Number 4Tamiya-ji temple
History of the temple
Seiyō Gorei Ikyō
Fūkōzan Tamiya-ji Shingon sect, main statue Eleven-faced Kannon, Temple number 8 of Ise Pilgimage
Tamiya-ji temple, where Shinto Gods and Buddhist Gods become one, you don’t pray to each separately because from the beginning they don’t have any form.
According to the records it is a place where Mifune vessel from Ise Shrine is stored.
According to temple’s legend, it was founded by Gyōki (668-749), a famous monk who traveled around Japan to preach to commoners, in September 725. As ordered by Emperor Shōmu (701-756), he named the temple Jingū Hōraku-ji and as a main statue he made two statues of Eleven-faced Kannon. Between 767 and 770 the temple’s buildings were lost in the fire. They were rebuilt thanks to Kūkai (Kōbō Daishi, 774-835, the founder of Shingon sect), who stayed at the grounds for some time after his return from China. Later when Tamiya-ji prospered again, Kūkai was acknowledged and worshiped as a rebuilder of the temple.
According to commentary written by Ōnishi Gen’ichi and included in the official temple’s pamphlet issued by supporter group, Tamiya-ji was built between 995 and 999 by a head of Arakida clan, who was also a head priest at the Ise Shrine. Since then the temple became Arakida’s family temple and abbots were also chosen from members of that clan (and Shingon sect monks at the same time). Because the records from 1496 state that the temple was rebuilt once again that year, it probably fall into a decline at some point.
In Nara (710-794) and Heian (794-1192) period, when Buddhism prospered in Japan, Buddhist temples (Jingū-ji) were built within main Shinto shrine’s grounds. For example a Jingū-ji temple connected to Ise Shrine was placed in Ōkase in Taki-chō district. Tamiya-ji was also constructed as a Hōraku-ji temple – a temple bringing Buddhist teachings and Enlightenment to Shinto gods of Ise Shrine. At its grounds there was a hall called Mifune Hall which would store a box called Mifuneshiro (vessel to transport the divine artefact, originally in a shape of a boat) used during the Shikinen Sengū ritual (rebuilding of the shrine) at the Ise Shrine. The new Mifuneshiro would be presented to Tamiya-ji each twenty years, after it has been used for the ceremony.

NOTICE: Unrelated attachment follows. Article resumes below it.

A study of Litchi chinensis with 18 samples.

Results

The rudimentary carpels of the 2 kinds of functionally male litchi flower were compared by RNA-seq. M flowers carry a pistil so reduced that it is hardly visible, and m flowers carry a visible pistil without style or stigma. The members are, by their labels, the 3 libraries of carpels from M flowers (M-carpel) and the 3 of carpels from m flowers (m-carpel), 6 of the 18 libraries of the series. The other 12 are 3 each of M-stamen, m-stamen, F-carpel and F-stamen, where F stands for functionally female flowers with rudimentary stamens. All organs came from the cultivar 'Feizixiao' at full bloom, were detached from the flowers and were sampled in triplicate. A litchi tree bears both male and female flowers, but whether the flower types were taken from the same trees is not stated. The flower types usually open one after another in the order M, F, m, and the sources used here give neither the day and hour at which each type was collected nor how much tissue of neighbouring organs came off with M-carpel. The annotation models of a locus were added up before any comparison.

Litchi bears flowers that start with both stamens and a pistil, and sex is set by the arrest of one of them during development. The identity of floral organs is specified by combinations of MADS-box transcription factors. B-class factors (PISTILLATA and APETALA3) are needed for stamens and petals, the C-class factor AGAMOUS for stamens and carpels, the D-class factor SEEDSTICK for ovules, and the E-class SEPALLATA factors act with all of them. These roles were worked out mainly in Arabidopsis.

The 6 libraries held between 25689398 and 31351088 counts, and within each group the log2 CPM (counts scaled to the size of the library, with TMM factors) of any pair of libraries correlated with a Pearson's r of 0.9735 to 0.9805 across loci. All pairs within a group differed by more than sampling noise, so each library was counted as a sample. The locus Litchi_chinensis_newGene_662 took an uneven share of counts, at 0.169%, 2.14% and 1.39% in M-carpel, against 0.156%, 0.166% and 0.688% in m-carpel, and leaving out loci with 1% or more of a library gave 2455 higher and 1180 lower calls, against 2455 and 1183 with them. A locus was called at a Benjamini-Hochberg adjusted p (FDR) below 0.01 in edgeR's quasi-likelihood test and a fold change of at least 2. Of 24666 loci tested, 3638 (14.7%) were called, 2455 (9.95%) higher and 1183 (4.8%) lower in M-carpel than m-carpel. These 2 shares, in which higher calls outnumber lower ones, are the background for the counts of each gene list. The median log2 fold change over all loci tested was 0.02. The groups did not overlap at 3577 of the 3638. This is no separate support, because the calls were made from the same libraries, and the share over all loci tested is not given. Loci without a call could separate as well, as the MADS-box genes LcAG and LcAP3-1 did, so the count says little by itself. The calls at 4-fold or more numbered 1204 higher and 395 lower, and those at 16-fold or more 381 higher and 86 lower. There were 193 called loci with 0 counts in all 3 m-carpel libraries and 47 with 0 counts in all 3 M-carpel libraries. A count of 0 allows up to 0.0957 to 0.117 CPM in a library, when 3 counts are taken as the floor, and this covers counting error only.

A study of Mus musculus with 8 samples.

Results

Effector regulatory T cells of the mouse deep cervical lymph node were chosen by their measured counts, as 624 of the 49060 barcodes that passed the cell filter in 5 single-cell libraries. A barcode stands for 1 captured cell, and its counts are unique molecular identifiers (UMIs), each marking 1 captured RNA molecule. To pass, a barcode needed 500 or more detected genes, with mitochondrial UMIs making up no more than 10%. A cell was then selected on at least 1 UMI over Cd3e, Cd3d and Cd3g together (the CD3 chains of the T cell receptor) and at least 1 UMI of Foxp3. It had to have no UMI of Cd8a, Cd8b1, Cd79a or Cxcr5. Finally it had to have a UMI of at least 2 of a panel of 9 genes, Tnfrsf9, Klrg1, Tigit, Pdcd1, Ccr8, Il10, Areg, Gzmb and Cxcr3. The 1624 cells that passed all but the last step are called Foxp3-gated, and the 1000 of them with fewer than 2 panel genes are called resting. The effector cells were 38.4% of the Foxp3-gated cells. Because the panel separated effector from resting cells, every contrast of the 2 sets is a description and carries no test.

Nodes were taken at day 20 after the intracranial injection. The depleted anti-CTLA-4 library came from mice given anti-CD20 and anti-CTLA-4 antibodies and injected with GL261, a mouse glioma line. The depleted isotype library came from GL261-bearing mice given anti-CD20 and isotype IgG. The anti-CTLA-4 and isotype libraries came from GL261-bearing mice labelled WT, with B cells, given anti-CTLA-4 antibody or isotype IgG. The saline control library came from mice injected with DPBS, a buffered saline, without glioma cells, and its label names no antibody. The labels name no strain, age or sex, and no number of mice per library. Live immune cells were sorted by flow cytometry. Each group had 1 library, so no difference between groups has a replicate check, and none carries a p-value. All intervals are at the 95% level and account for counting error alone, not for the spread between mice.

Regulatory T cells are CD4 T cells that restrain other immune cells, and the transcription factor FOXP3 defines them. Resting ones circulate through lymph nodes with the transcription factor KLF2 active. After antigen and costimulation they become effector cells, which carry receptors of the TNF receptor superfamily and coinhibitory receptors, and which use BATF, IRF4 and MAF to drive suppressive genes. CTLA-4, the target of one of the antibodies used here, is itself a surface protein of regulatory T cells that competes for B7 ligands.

Regional powerful clans of Kitabatake, Tamaru and Aisu donated lands of Tamiya-ji village, Katsuta, Yano and Hara village to the temple. According to the land survey conducted in 16th Century, among the temple’s land an equivalent of 5.95 ha (14.7 ac) was the donated land. During 17th and 18th Century this land produced 2t of rice every year.
Beside the Main Hall, more buildings such as Daishi Hall (Hall of Kūkai), Tenjin shrine (Shinto God of Knowledge and Thunders = Sugawara no Michizane), Mifune Hall (Hall with the divine vessel), Shōten Hall (Kangiten, Ganesha, a god of conjugal harmony and long life), Fudō Hall (Hall of Fudō Myō-ō – Immovable Wisdom King), Dainichi Hall (Great Illuminating Buddha) and buildings of a sub-temple (tacchū) Higashinobō Kōgi-in used to stand. But after the order of Separation of Shinto and Buddhism (shinbutsu bunri) was issued by Meiji government in 1869, Tamiya-ji seized to exist. All buildings except for Shōten Hall and living quarters of the abbot were torn down.
Main statues of Tamiya-ji are two 167cm (5.47 ft) high statues of Jūichimen Kannon (Eleven-Faced Kannon) made in the 9th Century (beginning of Heian period). Each is made from single block of Japanese hinoki cypress. One of the statues has some coloring left, while on the other some gold foil can still be found. These two Kannon statues were first registered as National Treasure in 1915, to be registered also as Important Cultural Properties in 1950. Both of them are enshrined in the Shōten Hall of the Tamiya-ji temple.
On the 18th of every month a temple’s festival is held. Many visitors from close and far come to pray and whish for: expelling of bad luck, finding love, happy marriage, family members’ luck, fortune in business, safety of the household, abundant crops, protection from disasters, good fortune, pregnancy and safe childbirth. Two Kannon statues are shown to the public during special ceremonies on the 18th of February and 9th of August.